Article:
DuPont and DOW Set To Merge
In December 2015, two of the world’s largest chemical conglomerates, Dow and Du Pont, announced a merger. The combined business, DowDuPont, brings together more than 300 years of invention, innovation and business acumen. Du Pont invented Kevlar 213 years ago, while Dow has been the maker of plastics and chemicals for 118 years. Although the new company will have a combined market capitalisation of US $130 billion, the goal is to split into three separate public companies in the next two years.
Advantages of the Merger
According to Du Pont’s CEO, Edward D. Breen, and his counterpart at Dow, Andrew Liveris, the merger is the culmination of long-term plans. The two companies have worked together before, creating DuPont-Dow Elastomers (1996 -2005), which sold products like synthetic rubbers and neoprene.
News of the merger was met with a 12% rise in share value, and shareholders of each company are expected to have ownership of half of the new entity and reap the benefits of a US $3 billion reduction in costs and potential growth synergies of US $1 billion.
DowDuPont will have a strong market share in the areas in which it will operate, and when it divides into three new companies in 2018, its combined materials business will become second in the industry, while its stake in the agricultural chemicals business will become the world’s largest.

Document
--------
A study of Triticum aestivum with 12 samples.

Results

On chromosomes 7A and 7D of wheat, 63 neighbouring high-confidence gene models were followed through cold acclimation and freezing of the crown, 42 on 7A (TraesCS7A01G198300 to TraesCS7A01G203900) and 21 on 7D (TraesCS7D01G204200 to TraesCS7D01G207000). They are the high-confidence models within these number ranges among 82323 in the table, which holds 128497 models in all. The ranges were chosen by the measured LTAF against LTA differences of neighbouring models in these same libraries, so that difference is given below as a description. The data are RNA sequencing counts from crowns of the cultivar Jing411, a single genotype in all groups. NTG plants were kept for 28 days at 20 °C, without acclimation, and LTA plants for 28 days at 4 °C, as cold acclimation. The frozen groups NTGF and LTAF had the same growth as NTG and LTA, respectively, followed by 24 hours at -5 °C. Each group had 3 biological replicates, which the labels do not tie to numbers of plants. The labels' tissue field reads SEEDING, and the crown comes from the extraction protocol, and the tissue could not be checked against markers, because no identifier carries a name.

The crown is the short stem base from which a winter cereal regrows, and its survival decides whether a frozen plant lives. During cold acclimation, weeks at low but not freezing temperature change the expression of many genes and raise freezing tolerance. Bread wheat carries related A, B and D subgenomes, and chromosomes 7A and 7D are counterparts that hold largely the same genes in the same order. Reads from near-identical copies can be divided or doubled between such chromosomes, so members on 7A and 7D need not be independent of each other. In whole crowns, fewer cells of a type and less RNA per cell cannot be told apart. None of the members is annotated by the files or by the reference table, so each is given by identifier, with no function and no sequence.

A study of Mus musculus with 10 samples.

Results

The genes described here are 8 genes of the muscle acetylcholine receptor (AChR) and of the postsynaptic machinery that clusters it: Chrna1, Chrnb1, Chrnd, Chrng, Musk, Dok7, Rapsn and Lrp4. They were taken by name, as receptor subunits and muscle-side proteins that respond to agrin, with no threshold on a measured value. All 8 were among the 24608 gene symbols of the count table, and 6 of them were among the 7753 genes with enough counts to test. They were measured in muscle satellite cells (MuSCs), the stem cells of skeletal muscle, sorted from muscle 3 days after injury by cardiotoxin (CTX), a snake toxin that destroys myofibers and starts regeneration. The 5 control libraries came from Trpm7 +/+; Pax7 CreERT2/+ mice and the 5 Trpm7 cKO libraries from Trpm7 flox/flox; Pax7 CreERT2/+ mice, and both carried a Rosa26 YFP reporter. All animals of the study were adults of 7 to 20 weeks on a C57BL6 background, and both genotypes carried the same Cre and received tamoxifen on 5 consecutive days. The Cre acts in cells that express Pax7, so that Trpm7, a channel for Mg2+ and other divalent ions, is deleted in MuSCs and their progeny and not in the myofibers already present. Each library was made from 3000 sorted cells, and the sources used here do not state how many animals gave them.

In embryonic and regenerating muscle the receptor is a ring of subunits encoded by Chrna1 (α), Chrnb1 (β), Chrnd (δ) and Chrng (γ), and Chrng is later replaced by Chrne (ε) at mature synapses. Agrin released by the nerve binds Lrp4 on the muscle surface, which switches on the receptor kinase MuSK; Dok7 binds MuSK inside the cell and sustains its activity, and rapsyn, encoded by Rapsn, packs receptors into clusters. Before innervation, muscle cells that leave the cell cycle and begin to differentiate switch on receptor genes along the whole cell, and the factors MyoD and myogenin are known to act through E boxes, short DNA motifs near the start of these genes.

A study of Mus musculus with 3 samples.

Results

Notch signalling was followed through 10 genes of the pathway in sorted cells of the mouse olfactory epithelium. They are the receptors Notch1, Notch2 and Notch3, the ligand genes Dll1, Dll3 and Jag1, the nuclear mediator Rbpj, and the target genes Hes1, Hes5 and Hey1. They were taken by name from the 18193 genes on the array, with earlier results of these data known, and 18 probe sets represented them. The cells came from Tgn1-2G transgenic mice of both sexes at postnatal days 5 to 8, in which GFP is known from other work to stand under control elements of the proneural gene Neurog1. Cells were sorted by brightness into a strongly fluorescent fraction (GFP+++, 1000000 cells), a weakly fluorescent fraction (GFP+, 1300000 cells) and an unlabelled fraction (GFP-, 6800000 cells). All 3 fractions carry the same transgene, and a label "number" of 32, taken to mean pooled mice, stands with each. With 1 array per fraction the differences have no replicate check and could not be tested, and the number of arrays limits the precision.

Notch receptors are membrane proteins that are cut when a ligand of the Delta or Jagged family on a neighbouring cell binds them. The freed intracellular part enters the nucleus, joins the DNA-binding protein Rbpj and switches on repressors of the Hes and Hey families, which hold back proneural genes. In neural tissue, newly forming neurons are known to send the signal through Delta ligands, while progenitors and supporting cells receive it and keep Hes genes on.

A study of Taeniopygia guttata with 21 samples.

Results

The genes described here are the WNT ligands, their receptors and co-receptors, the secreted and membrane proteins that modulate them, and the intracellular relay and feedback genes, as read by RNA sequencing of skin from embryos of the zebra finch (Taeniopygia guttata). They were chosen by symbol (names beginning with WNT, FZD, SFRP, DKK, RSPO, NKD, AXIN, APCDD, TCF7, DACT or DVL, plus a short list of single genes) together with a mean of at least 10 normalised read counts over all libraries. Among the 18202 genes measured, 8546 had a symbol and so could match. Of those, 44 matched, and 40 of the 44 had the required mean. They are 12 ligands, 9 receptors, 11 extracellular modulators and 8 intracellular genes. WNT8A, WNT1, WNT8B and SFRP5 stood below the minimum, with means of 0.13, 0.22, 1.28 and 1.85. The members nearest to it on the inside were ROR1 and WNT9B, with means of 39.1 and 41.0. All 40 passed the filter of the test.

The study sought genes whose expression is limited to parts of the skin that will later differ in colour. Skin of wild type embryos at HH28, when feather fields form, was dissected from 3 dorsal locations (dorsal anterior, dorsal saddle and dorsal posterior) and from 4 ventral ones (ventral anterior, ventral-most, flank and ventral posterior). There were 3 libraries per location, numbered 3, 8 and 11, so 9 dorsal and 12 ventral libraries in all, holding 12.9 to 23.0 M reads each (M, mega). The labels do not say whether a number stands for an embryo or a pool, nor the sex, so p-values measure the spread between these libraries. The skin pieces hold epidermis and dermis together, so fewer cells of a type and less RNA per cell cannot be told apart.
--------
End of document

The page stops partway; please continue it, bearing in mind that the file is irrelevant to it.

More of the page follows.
Greater Focus – Larger Market Share
The three specialised companies will be in the areas of agricultural chemicals, plastics and other materials and speciality products. The new pure-play crop protection and seed agriculture company will be the third of its kind and will surpass current leaders Monsanto. It will benefit from DuPont’s current position in the global agrochemical market.
The Material Science company, which has early performance figures of US $51 billion, will combine Dow’s Performance Plastics, Performance Materials and Chemicals, Infrastructure and Consumer solutions with DuPont’s Performance materials.
The US $13 billion Speciality Products company is expected to drive technology-driven advances in areas like nutrition, industrial biosciences, electronics and communications.
The Effects on Agricultural Recruitment
DuPont has already announced its intention to cut 1700 jobs, and there is an expectation of further workforce reductions for both companies. The merger has prompted an executive search, however, to fill management positions in the three new companies. Although the split is two years away, the companies have already formed teams to design the separation and, says Breen, who leads the agriculture and speciality products committee, the major focus is on finding the right people.
In meeting the intention to fund innovation that offers greater choice and competitive pricing and ensures continued growth, the merger and creation of the three successor companies is expected to have a longer-term positive effect, especially on agricultural recruitment. Bringing the two entities together and creating a new business culture will mean cuts and a search for new talent, but both represent changes for agriculture recruitment.